Dry skin presents itself in a myriad of ways. Usually, it shows as a patchwork of tiny, white coloured, flaky, dead skin flecks in an area that may also show a red rash. The regions of the body most prone are the face, hands, forearms and around the shins, ankles and feet but the condition can affect any region of the body.
Symptoms are different for every person and vary from a minor constant itch to a widespread and painful chronic condition. In extreme cases the skin’s surface can become raw with open wounds liable to infection.
The usual medical reference for dry skin is xerosis cutis. This derives from the ancient Greek xeros which means dry. However, eczema, contact dermatitis and psoriasis are some of the other medical conditions that may lead to a dry skin condition. If you are prone to contact dermatitis, you could benefit from reading www.dermatitis-page.info. In this article, we will not be dealing with these particular medical conditions.
Healthy skin is soft and gentle to the touch On its surface is a thin layer of natural lipids; fatty cells that help to maintain the correct level of moisture content in the epidermis. If these essential lipids are scrubbed away by excessive cleaning of the skin or by using harsh soaps and lotions, then split skin on the fingers (info can be found here) can be the result.
The natural process of growing older may also prompt a dryness of the skin. In fact, a large number of elderly people have trouble with dry skin. Women are particularly susceptible as changes in hormone levels can be a contributing factor to the problem.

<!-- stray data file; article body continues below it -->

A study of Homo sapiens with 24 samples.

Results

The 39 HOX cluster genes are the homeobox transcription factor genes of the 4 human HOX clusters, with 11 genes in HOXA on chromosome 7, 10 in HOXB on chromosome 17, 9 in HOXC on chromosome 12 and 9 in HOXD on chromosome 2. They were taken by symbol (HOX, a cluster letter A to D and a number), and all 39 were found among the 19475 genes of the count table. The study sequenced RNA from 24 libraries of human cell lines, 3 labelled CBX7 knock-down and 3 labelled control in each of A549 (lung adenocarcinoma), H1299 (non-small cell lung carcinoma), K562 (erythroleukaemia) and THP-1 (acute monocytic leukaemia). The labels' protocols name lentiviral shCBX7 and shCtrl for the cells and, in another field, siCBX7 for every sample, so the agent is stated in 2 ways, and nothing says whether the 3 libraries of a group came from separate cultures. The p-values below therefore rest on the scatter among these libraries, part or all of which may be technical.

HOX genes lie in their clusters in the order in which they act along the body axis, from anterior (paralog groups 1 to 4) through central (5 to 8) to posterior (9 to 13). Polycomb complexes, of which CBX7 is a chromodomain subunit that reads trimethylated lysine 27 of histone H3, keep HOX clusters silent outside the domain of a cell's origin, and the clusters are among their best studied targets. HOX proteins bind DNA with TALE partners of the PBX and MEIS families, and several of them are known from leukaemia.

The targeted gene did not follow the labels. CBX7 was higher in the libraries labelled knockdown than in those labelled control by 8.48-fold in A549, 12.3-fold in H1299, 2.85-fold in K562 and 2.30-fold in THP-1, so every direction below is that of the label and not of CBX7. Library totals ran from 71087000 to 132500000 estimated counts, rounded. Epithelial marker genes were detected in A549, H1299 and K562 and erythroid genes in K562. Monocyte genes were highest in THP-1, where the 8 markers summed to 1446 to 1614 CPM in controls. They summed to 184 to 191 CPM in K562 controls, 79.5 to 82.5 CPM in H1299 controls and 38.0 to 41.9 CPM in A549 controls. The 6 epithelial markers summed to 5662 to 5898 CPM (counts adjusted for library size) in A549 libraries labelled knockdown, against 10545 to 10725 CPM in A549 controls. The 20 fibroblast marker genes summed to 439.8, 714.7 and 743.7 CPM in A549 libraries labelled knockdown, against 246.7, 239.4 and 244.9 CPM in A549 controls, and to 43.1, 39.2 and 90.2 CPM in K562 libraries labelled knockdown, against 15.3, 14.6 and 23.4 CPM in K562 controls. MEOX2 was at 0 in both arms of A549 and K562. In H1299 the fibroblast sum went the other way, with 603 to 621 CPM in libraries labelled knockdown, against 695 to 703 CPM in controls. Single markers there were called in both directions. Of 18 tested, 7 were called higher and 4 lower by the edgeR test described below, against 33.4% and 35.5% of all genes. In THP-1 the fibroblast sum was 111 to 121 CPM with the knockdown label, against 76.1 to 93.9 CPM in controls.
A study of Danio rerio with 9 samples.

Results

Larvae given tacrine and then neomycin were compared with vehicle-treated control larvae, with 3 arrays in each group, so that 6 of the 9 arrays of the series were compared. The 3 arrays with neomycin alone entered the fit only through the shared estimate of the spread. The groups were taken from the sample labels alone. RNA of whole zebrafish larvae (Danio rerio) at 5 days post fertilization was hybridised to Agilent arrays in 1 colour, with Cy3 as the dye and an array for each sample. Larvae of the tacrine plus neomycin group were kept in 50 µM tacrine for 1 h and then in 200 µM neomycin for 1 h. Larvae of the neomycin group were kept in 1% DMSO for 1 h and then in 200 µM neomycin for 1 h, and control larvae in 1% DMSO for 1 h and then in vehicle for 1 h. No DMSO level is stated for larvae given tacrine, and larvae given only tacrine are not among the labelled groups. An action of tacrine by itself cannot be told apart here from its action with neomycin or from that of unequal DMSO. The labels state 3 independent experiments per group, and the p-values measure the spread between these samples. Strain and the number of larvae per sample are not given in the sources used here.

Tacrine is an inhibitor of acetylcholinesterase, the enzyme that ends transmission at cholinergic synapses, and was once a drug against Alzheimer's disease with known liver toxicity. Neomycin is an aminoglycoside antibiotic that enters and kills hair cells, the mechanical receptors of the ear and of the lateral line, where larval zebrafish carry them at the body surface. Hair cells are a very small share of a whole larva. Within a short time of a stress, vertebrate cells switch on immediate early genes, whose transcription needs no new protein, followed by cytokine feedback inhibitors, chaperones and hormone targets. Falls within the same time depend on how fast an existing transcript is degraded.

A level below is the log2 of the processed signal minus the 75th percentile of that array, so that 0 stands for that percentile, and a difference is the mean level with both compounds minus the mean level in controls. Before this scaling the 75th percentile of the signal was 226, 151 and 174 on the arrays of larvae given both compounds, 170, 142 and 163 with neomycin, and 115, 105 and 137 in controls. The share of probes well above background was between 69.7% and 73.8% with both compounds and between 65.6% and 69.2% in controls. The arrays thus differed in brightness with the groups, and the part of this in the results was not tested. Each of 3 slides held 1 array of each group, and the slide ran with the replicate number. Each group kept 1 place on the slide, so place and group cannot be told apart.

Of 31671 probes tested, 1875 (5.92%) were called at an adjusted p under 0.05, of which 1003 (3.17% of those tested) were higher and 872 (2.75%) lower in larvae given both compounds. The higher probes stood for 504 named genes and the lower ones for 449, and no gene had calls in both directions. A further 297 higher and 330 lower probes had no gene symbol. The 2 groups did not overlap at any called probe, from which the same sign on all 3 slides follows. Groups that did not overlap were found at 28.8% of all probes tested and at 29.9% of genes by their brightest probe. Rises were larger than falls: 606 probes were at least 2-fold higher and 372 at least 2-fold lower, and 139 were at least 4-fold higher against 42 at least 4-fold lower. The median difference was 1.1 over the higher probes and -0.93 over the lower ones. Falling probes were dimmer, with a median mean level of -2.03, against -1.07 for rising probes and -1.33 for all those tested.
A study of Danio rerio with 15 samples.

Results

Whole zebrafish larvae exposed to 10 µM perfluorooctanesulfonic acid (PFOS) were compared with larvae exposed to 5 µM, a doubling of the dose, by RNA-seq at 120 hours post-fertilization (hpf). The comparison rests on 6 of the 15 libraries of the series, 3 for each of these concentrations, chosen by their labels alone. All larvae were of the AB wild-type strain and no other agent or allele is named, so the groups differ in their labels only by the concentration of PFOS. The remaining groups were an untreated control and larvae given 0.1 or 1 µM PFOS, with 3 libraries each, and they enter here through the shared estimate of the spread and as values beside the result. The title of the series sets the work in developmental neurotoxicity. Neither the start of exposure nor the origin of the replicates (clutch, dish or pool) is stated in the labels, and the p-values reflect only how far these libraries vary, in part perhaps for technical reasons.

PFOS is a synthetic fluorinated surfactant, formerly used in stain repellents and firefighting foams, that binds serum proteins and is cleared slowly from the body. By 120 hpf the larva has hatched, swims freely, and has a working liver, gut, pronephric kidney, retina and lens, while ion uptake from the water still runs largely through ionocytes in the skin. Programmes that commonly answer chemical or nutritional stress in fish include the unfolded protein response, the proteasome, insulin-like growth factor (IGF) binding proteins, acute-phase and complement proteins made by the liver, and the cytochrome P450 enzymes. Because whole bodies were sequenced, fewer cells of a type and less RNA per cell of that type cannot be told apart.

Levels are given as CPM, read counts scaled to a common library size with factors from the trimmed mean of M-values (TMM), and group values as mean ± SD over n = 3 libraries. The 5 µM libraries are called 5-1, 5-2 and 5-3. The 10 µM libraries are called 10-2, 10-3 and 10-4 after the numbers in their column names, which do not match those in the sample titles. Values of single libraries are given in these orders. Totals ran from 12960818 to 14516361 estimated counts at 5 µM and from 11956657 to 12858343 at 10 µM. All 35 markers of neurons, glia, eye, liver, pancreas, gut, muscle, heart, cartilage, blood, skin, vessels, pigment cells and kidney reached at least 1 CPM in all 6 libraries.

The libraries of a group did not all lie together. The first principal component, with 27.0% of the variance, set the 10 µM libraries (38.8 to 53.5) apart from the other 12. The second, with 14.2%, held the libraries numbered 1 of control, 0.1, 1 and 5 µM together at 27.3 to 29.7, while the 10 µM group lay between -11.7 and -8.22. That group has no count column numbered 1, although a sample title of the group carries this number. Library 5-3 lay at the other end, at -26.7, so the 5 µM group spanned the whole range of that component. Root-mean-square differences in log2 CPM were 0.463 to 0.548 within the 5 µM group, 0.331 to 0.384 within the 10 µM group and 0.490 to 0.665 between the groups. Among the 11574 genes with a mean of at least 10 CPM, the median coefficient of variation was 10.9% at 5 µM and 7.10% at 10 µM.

People suffering from diabetes, thyroid imbalances and other medical conditions, or those with poor diets, are similarly prone to the dry skin symptoms
Having understood the major causes of dry skin, you will be pleased to realise that the majority of cases may be effectively treated by following a few simple tips.
Make sure that you practice a sensible skin cleansing routine:
Always use a hypo-allergenic, perfume free soap or cleansing lotion. Additional ingredients, particularly those designed as a perfume, sometimes irritate already sensitized skin.
Never scrub yourself clean with a brush or harsh sponge. If you ignore this advice, along with any ingrained dirt, you are likely to remove your skin’s top protective layer.
Fill your bath with lukewarm water or, better still, take a short warm shower. Any tightening or wrinkling of your skin after washing indicates that the water was far too hot for your skin’s health and may have damaged your epidermis.
Never dry yourself by rubbing. This can also damage the skin’s delicate top layer. Instead, use a soft blotting motion to get your skin dry by dabbing with a cotton soft gentle towel.
In addition to your newly adopted washing routine, use a superior quality moisturiser:
Regularly using a moisturising cream is a vital part of treating dry skin problems. However, be careful with your choice of product. Always opt for a moisturising cream that is alcohol free – the less allergens that your skin is subjected to, the more chance you are giving it the opportunity to recover. This means that you should avoid purely cosmetic moisturising creams and lotions.
Finally, become self-aware:
Monitor your dry skin and try to pinpoint any activity, hobby or circumstance that seems to aggravate its condition. Exposure to allergens plays a major role in initiating or exacerbating dry skin and related problems.
Following these few easy to manage tips will very likely reduce or even completely cure many outbreaks of dry skin. But be aware, it is important to realise that if your skin condition does not respond to these simple measures, or the body region affected is swollen or painful to touch, or the onset is quick, then you really should visit a health professional.
Disclaimer: It Should be noted that this posting features information freely available in the popular press and medical journals that deal with medical skin conditions. Nothing herein is intended to be or should be considered to be providing medical advice. For medical advice the reader should consult with his or her physician or other medical professional.